Matters of the Heart
February 03, 2020
February is “Heart Month” and since heart health is an important part of Memorial's mission, this month we're featuring a member of the heart transplant team.
Albert Maya, patient navigator for Adult Heart Transplant and Ventricular Device, says he forms "very close bonds" with all of his patients.
That’s because Albert spends a lot of time interacting with cardiac patients to assist them with all of the necessary paperwork and litany of tests that are needed before and after a heart transplant.
Every patient who comes in needing a heart transplant or a ventricular assist device must be evaluated, and the first step is getting authorizations from the patient's insurance company.
Albert works with the internal finance team to get the required authorizations, then consults with the patient to review everything: paperwork, informed consent, the evaluation process, the transplant waitlist, and all items the patient is expected to do throughout the process.
While every individual has different needs, Albert says he schedules anywhere from 17 to 22 evaluation appointments for his patients. He’s there for them every step of the way and makes sure the transplant coordinators have everything they need when they present the heart transplant candidate to the heart transplant selection committee.
Patients who make it on the waitlist must visit the office often to undergo a cardiac catheterization every three months and have labs administered once a month until the transplant occurs. After the transplant surgery, patients must follow a specific protocol for an entire year.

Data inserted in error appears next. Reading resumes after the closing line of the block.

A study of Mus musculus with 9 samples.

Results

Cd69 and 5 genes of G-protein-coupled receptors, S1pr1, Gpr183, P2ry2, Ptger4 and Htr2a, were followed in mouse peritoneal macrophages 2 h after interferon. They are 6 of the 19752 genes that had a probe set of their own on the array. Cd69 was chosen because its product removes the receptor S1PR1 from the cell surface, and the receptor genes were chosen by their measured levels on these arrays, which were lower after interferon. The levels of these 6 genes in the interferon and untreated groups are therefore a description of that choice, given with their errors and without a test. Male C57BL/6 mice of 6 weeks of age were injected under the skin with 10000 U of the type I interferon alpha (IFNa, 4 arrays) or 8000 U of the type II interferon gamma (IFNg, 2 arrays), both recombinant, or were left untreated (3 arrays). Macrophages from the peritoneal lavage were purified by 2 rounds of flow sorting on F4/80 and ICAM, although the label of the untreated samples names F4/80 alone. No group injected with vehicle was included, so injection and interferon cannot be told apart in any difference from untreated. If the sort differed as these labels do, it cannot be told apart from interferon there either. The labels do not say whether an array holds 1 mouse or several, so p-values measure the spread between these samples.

Albert ensures that all of the proper authorizations are obtained for all of the necessary testing, labs, catheterizations, office visits and any other tests doctors deem necessary post transplant.
For patients who need a ventricular assist device, Albert arranges office visits, labs, follow-up care and any other necessary medical care. Some patients use a ventricular assist device as a bridge to transplant, while others may not be a good candidate for a transplant so they will rely on a ventricular assist device to improve their quality of life.
Albert’s career journey has taken many twists and turns. "Growing up as a kid, I always wanted to be a firefighter, but I couldn't do that because I have asthma," Albert recalls.
With a passion for music, Albert attended Miami Dade College and then transferred to The Art Institute for an audio engineer degree.
In the meantime, he worked in his family’s business in the area of international sales. About five years ago, he was given the opportunity to pursue a medical career. He was hired as a patient access assistant for cardiac services at Memorial.
"I took the job and picked it up quickly because I found it interesting and was so excited to finally be working in the medical field,” he says.
After two years Albert wanted something more challenging where he could truly connect and make a difference in patients’ lives.
He applied for a navigator position for the heart transplant team and got the position and has been in the role for the last two years.
Since then, he's been offered other positions that come with higher pay, but Albert says he loves the patients and his team and doesn't want to take on a new role.
"I'm so thankful every day," says Albert, who truly enjoys the patient interaction that comes with the job. “I find my job so rewarding.”